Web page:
ACLU chides Patriot Act

This article has been corrected. You may view this article’s correction here.

The drastically revised and red-marked Bill of Rights posted around campus this week may have been disturbing to more than one onlooker — and that was exactly what the Yale chapter of the American Civil Liberties Union, or ACLU, had intended.

The ACLU held an event to encourage students to sign an anti-PATRIOT Act petition addressed to Attorney General John Ashcroft Tuesday.

ACLU Chairman Boris Volodarsky ’05 said he believes now is an appropriate time to spread awareness about this issue on campus because of a growing concern that the PATRIOT Act is gaining momentum while the public remains unaware of it.

“Many people have never heard of it or don’t know what it stands for,” Volodarsky said.

Congress passed the USA PATRIOT Act — which expanded the power of both domestic law enforcement and international intelligence agencies — 45 days after the terrorist attacks of Sept. 11, 2001. Volodarsky said he believes that since then, the Justice Department has committed numerous Bill of Rights violations, including the unconstitutional detainment of suspects. He said that with recent proposals such as President Bush’s Domestic Security Enforcement Act, there is an urgent need to oppose already enacted legislation such as the PATRIOT Act.

“It’s important to keep reminding people that the PATRIOT Act is a flagrant violation of the Bill of Rights,” ACLU member Molly Lewis ’06 said.

At the event, the group displayed a poster of “Ashcroft’s version” of the Bill of Rights in an effort to educate passersby. The ACLU wrote over the amendments to show how each one might differ under Ashcroft’s proposals. They used a red marker to illustrate their idea of Ashcroft’s revisions. For example, the Sixth Amendment phrase “the right to a speedy and public trial, by an impartial jury” was revised to read, “the right to a slow and private trial, by a military tribunal.”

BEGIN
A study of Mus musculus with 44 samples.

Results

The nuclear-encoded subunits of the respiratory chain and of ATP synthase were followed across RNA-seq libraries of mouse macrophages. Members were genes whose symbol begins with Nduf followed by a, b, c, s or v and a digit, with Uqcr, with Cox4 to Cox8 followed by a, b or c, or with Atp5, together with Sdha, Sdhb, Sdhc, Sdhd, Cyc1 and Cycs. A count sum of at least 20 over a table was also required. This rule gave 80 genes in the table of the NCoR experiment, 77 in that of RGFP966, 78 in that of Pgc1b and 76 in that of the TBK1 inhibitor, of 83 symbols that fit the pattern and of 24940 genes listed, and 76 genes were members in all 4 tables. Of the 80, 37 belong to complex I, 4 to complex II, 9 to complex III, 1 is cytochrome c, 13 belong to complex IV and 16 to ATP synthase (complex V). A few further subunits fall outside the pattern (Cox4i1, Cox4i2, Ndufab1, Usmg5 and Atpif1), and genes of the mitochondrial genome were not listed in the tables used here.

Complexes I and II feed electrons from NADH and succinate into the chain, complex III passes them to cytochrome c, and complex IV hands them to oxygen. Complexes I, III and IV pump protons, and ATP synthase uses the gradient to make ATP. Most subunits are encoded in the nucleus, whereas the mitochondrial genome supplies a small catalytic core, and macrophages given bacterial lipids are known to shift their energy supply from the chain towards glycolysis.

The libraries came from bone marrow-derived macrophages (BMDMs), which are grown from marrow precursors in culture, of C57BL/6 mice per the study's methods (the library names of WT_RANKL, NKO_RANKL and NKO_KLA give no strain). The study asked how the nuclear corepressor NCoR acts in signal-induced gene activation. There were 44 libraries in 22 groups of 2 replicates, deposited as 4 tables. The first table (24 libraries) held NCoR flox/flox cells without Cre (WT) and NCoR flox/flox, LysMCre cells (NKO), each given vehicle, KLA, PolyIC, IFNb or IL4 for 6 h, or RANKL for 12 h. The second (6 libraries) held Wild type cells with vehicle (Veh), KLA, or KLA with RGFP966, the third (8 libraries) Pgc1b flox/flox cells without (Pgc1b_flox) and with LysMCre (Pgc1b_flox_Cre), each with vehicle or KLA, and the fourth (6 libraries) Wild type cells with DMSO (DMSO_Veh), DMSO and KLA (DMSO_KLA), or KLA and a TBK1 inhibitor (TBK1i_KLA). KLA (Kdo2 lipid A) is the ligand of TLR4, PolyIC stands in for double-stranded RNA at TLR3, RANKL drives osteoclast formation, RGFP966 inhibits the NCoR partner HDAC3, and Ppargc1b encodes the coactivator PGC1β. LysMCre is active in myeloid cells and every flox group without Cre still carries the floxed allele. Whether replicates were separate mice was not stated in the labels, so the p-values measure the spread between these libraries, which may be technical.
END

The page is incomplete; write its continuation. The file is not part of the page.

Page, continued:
Volodarsky said many people questioned the strong phrasing superimposed on the Bill of Rights, but the editing was used primarily to foster discussion.

“We tried to make it more inflammatory than the actual text,” he said.

Lewis said people complimented the group on its rendition of the Second Amendment — the right to bear arms. In contrast to the vast changes made in other amendments, the Second Amendment was simply circled in red ink, with “Good!” written next to it.

The petition expressed concerns that the Justice Department under Ashcroft is denying Americans their civil liberties.

“Give our civil liberties the attention and protection they deserve,” the petition stated. “[The Justice Department] has committed acts that openly violate the freedoms guaranteed to Americans by the Constitution.”

Lewis said when people took the time to listen to the group’s views, the response to the petition was positive.

“If people weren’t apathetic about signing a petition in general, they were definitely eager to sign [this one],” she said.

While the group did not collaborate with any other student groups, Volodarsky said he hopes others are equally concerned.

“We hope we are not the only ones doing it, and we hope that all of us coming together will make a difference,” he said.

Over 200 people signed the ACLU’s petition, which will be mailed to Ashcroft’s office later this week.

Errol Saunders '06, Molly Lewis '06, and Alan Kennedy-Shaffer '06 (left to right) at an ACLU-sponsored petition drive to oppose U.S. Attorney General John Ashcroft on Cross Campus Tuesday.
Alexander White
Errol Saunders '06, Molly Lewis '06, and Alan Kennedy-Shaffer '06 (left to right) at an ACLU-sponsored petition drive to oppose U.S. Attorney General John Ashcroft on Cross Campus Tuesday.